The End of the Gold Standard

It Began with a Run on the Banks

The Great Depression was a long period of economic hardship that lasted from late 1929 to 1937. By the time President Franklin Delano Roosevelt took office in March 1933, conditions all over the country were appalling. Industrial production was down 56 percent from 1929 and over a third of the work force was out of work — more than 13 million people. To make matters worse, farmers all over the country were going broke. (At the time, the U.S. was mostly an agrarian nation.)

Harley Hahn

One of the biggest problems Roosevelt faced was that a large number of people had lost confidence in paper money and were going to their banks to exchange their money for gold. This so-called “run on the banks” had happened several times since the 1929 stock market collapse, and it was happening again at the time Roosevelt took office. If a bank could not meet the demands of its depositors, it would have to close down. In 1929, there were 24,633 banks. By 1933, only 15,015 were still in business, a decrease of 39 percent.

A run on the banks was devastating for other reasons as well. Not only did it deplete the gold reserves, it removed large amounts of cash from circulation at the very time that the economy needed it most in order to recover. In fact, the decrease in the money supply from 1929-1933 was one of the reasons the Great Depression was so severe and lasted so long.

In 1933, much of the world, including the U.S. and many European countries, was on the “gold standard,” which meant that paper money could be exchanged for gold. For example, you could, at the time, go to a bank and trade a dollar bill for a dollar’s worth of gold. In other countries, you could either trade your currency for gold or, at the very least, trade for U.S. dollars, which could then be converted to gold.

In normal times, few people would actually make such a trade: It was enough to know that it was possible. However, these were not normal times. By 1933, the U.S. was in big trouble and people all over the country were trading in their dollars for gold.

Roosevelt had to stop this and to do so, he decided to change the system so that the U.S. government would hold and control all the gold in the country. In other words, he began to nationalize gold. He did this for two reasons.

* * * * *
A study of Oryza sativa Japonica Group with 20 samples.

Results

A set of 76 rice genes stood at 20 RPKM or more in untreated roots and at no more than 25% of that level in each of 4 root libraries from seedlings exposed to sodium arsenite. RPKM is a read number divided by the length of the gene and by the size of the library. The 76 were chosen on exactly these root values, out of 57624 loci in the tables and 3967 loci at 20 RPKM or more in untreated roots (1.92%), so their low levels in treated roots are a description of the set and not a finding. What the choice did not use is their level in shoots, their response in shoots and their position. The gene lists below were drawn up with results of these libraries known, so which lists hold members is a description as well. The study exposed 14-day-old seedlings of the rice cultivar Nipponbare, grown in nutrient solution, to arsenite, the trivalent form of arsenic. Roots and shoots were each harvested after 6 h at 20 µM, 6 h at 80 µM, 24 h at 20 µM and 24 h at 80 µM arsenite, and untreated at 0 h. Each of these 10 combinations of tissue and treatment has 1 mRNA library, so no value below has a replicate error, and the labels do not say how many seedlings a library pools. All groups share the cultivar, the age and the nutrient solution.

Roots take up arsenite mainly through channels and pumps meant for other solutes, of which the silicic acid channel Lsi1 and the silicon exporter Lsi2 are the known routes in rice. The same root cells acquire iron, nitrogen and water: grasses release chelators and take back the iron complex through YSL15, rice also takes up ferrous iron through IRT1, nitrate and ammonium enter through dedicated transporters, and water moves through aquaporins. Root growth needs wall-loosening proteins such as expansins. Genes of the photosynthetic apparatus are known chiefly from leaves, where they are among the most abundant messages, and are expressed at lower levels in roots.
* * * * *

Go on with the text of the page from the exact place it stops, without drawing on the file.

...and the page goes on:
First, he wanted to stop the run on the banks. Second, he was planning a number of expensive social and economic programs and he needed money to finance them. Controlling the gold supply would give him more control over the money supply.

In 1933, with the cooperation of the U.S. Congress, Roosevelt made it illegal for Americans to possess gold coins or bullion. He then took away the right of Americans to be able to exchange paper money for gold. Finally, he confiscated all the privately held gold in the country by forcing people to trade it to the government for paper money at the rate of $20.67 an ounce.

Within a year, the U.S. government owned most of the gold in the country. Then, on January 31, 1934, Roosevelt used the authority given to him by Congress to unilaterally raise the price of gold to $35 an ounce. Overnight, an ounce of gold that used to be worth $20.67 was now worth $35. Making this price change allowed Roosevelt to pull a fast one, a monetary scheme that, even by today’s standards, was totally awesome. Here is how it worked.

In 1933, the government was able to print $20.67 in paper money for each ounce of gold that it held. In 1934, the same ounce of gold could be used to support $35 in paper money, a difference of $14.33. In this way, the value of the gold held by the government increased by about $3 billion, which meant that Roosevelt was able to create $3 billion in brand new money out of nothing. He could then use the $3 billion to help fund his new programs. In doing so, Roosevelt put a huge amount of new money into circulation, which helped the economy recover.

However, he did so at a cost. First of all, Roosevelt effectively devalued U.S. paper money (with respect to gold) by 41 percent. Second, by distancing the U.S. from the gold standard, he initiated a process that was potentially dangerous. If the U.S. ever went off the gold standard completely and the government did not have the discipline to keep from creating too much new money, there would be trouble.

Four decades later, in 1971, the remaining U.S. ties to the gold standard were finally severed by Richard Nixon in an attempt to solve a serious cash flow crisis. To keep foreign countries from trading in their surplus dollars for gold, Nixon unilaterally decreed that, from now on, the U.S. would not exchange dollars for gold for anyone. For all practical purposes, the United States was off the gold standard. In 1978, Congress passed a law making it official. Other countries had passed similar laws, and by the end of the 1970s, no major currency was redeemable in gold.